Friday, March 23, 2007

72. It's A Start

The bill written about in entry #71 passed the United States House of Representatives today by a vote of 218 to 212. Roll Call Vote #186 on HR 1591 passed at 12:43 pm, Washington time. My congressman John Yarmuth joined with his neighbors in Indiana-8, Brad Ellsworth of Evansville, and Indiana-9, Baron Hill of Seymour (who represents Jeffersonville, Clarksville, and New Albany) in voting Yes. Congressman Ben Chandler, of Kentucky's 6th, also voted Yes.

Kentucky's war-mongering Republicans in the Congress stayed the course with George Bush in voting No. Fourteen Democrats also voted No, while two Republicans voted Yes. The two Republicans were Congressman Walter Jones, of North Carolina's 3rd (basically the Outer Banks counties) and Congressman Wayne Gilchrist, of Maryland's 1st District, representing the Chesapeake Bay area (including one of my favorite destinations, Ocean City).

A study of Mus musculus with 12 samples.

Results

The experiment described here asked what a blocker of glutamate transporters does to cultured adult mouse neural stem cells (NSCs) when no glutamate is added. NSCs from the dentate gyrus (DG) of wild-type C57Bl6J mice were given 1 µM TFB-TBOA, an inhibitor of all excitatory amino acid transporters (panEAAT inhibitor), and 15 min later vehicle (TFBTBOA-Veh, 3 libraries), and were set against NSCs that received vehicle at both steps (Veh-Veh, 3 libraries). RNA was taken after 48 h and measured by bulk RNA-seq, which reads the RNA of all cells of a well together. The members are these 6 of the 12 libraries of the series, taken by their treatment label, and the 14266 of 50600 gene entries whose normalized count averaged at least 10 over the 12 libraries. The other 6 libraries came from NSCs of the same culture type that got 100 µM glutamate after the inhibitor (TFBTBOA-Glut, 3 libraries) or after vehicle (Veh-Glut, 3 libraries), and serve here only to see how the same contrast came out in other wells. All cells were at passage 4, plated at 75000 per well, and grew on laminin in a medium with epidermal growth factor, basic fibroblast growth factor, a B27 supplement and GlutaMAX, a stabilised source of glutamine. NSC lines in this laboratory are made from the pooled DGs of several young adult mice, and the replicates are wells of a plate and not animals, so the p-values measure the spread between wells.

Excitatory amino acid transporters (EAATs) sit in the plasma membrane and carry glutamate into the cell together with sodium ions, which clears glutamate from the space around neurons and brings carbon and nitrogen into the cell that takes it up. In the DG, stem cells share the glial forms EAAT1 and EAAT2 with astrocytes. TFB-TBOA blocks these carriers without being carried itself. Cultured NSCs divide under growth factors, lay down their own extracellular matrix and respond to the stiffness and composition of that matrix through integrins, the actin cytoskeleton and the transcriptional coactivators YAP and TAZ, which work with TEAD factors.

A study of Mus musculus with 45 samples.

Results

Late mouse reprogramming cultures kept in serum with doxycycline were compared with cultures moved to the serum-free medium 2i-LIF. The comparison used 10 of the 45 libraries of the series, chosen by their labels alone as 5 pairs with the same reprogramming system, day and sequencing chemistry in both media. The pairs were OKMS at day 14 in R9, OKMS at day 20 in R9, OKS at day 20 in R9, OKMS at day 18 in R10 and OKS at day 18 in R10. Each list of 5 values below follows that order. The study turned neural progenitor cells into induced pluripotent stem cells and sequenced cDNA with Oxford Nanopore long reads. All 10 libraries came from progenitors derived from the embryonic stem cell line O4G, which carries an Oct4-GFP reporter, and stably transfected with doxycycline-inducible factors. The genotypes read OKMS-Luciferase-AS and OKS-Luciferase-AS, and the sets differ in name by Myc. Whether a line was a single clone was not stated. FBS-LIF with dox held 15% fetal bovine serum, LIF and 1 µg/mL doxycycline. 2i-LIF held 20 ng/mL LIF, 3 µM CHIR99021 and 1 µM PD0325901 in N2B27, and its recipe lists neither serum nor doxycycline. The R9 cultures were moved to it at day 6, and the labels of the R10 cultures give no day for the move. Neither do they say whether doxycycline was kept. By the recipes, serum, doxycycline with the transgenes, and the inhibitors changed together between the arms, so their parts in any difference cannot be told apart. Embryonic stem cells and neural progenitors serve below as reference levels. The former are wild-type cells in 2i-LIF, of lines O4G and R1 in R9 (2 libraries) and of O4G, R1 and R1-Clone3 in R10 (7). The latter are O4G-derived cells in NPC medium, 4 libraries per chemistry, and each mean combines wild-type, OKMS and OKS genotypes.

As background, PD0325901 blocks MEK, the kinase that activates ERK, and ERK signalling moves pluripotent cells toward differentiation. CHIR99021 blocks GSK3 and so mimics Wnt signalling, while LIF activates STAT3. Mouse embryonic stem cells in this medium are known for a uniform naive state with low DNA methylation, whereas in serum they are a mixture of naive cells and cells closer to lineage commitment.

It's a start.

1 comment:

Nick Stump said...

I was glad to see Yarmuth voting yes. He's showing wisdom here. The bill may not have everything the far left wants, but if nothing else it's a first step and most importantly, shows Democrats are ready to lead. Very proud of Yarmuth here. I know he may have had to set aside some concerns to make this vote, but he sure made the right one.
We needed this bill and it's the very first serious stake in the heart of this current administration. Good for Yarmuth and Chandler.

Single, male, bald, overweight, early 50s, seeking . . . Oh wait, that's goes on the other website. How about this - never married, liberal Democrat, opinionated but generally pleasant, member of the Episcopal Church. Graduate of Prestonia Elementary, Durrett High, and Spalding University; the first two now-closed Jefferson County Public Schools, the latter a very small liberal arts college in downtown Louisville affiliated with the Roman Catholic Sisters of Charity of Nazareth. My vocation and avocation is politics. My favorite pastime is driving the backroads of Kentucky and southern Indiana, visiting small towns, political hangouts, courthouses, churches, and cemeteries. You are welcome to ride with me sometime.